In Los Angeles, the Christian nonprofit Los Angeles Dream Center is providing 11,000 meals per day with over 300,000 distributed thus far, thanks to the help of partners like Kanye West and Chick-fil-A, Fox News reported.

Dream Center co-founder Matthew Barnett called the effort a “miracle of biblical proportions.” He also credited support from West, whose recent conversion to born-again Christianity has been as profound as it is public, for the ability to now deliver meals to shut-in seniors.

“We will change the world,” West tweeted months before his gospel album “Jesus Is King” dropped in October. “God is on my side. I am a Christian. I am a tax payer. I am myself. God is with us.”


Perhaps fittingly, the “Jesus Is King” album included “Closed on Sunday,” which used Chick-fil-A’s policy of remaining closed on the sabbath as an allusion to West’s own newfound appreciation for honoring the day.

The restaurant chain has been providing sandwiches every day for Dream Center clients as well.

Do you agree that Kanye West's Christianity is compelling his charitable giving?

“Every morning I wake up and stand in the parking lot with our dedicated staff, I am blown away that day after day, week after week, there is enough food to provide to folks that need it,” Barnett marveled in his statement to Fox News.

The Dream Center swooped in immediately after Los Angeles Unified School District, America’s second-largest school district, closed on March 13 and has been giving out food and other necessities every day since.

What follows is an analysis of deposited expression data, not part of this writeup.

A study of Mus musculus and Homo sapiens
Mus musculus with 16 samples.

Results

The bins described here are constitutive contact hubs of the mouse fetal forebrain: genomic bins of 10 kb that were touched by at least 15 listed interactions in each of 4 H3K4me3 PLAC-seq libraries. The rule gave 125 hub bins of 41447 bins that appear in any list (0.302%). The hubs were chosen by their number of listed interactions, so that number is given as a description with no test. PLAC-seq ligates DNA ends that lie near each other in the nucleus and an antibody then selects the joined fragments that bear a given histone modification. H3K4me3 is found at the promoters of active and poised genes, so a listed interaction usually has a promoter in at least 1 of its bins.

According to the school district’s website, about 84 percent of its students qualified for free or reduced meals, making this act of charity especially vital to the struggling community.

At the heart of what Dream Center and its partners are doing is the spirit of Christian charity. The Dream Center has its own Angelus Temple, which its website identifies as a “Pentecostal Megachurch of the International Church of the Foursquare Gospel,” as sort of a spiritual engine that drives the charitable efforts.

The organization shared photos of the L.A. Dream Center with the caption: “We are so grateful we are able to support you by providing meals, but there is nothing more powerful than prayer.”


West and Chick-fil-A are also unapologetically Christian, even in the face of backlash for doing so. It is a testament to a deep and abiding love for Christ when a celebrity or even a fast-food chain would risk so much monetary success to remain outspoken for the faith.

It has turned out well for both, thanks to the hunger of the American public still for the message of Christ, now more than ever.

While it isn’t only Christians who are helping out during the COVID-19 pandemic, it certainly appears that many of those willing to get their hands dirty are driven by the love of Jesus.

Christine earned her bachelor’s degree from Seton Hall University, where she studied communications and Latin. She left her career in the insurance industry to become a freelance writer and stay-at-home mother.